Is it common for a PhD student to be asked to contribute to a grant proposal (one of those that require faculty to submit them, the "big" ones)?

I've been asked to write a small section but I'm really worried that whatever I will write will be used to shoot down the proposal and that if that happens it will be my fault. I have no experience whatsoever writing grant proposals and have only minimal experience writing research (I'm a first year).

This is a big proposal for a multi-million dollar project. I don't want to be the reason for its failure.

up vote 50 down vote accepted

You should have no cause for concern. If the grant is related to your work in any way then it is appropriate for you to be involved in the grant writing.

But you aren't going to "shoot it down". In any reasonable case your work will be reviewed by others putting the grant together and also, especially for a large grant, a grants management office at the university. You might be asked to re-write your contribution once or twice with advice from those others.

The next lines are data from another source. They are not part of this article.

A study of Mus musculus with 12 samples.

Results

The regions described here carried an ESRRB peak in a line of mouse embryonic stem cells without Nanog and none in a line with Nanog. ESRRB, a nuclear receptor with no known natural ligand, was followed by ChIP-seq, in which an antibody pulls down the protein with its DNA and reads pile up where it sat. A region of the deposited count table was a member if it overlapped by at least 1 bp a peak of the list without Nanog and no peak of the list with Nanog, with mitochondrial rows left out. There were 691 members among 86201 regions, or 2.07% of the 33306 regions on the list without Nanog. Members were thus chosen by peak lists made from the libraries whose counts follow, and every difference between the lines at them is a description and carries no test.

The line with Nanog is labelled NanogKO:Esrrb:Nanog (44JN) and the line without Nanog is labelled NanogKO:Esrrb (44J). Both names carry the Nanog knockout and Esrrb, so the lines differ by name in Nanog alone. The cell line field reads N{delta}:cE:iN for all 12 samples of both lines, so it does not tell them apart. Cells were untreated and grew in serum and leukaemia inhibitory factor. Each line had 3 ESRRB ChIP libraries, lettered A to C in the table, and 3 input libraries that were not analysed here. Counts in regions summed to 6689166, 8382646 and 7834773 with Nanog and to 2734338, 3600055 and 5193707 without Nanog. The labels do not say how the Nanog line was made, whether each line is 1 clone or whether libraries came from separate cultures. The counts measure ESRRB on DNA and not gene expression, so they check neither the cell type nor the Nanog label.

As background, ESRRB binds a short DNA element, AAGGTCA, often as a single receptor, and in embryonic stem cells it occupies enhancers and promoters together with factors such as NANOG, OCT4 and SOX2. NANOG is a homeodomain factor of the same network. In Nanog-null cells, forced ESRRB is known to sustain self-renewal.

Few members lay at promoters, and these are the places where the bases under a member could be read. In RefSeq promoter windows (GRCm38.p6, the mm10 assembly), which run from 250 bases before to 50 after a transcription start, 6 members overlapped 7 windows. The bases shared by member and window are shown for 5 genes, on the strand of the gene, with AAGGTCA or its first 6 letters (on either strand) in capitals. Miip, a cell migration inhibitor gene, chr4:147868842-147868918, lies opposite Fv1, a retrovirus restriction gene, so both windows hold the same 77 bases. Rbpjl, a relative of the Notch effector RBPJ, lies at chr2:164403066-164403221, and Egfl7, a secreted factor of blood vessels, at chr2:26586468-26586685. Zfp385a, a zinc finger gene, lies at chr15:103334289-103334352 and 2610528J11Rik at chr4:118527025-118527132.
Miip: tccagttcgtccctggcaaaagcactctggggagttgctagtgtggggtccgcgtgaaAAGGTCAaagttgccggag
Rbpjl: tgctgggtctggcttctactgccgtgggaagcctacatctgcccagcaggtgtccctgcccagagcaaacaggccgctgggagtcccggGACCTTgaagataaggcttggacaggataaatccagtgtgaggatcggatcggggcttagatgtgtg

It will be a good experience for you. If such large grants are an important part of your field, then you will want to learn what goes in to them so that you can lead it yourself later in your career.

You might try to find writing samples from other grants to aid you. The research office or the PI can probably provide some older work. You can also try to work as closely as possible with others on the team. They likely have more experience than you do and can provide some guidance.

It is completely normal to get people who will be involved with the project to help write the grant. The PI is not going to just take your text and copy-paste it into their proposal without reading it. Doubly so because you've never done this before. The proposal, when it is submitted, will be as good as your group as a whole can make it.

If you want to stay in academia, every time you interview for a faculty position you'll be asked about your experience in applying for grants, because generating income from grants is a key part of what academics do. Having this experience will be very valuable for you.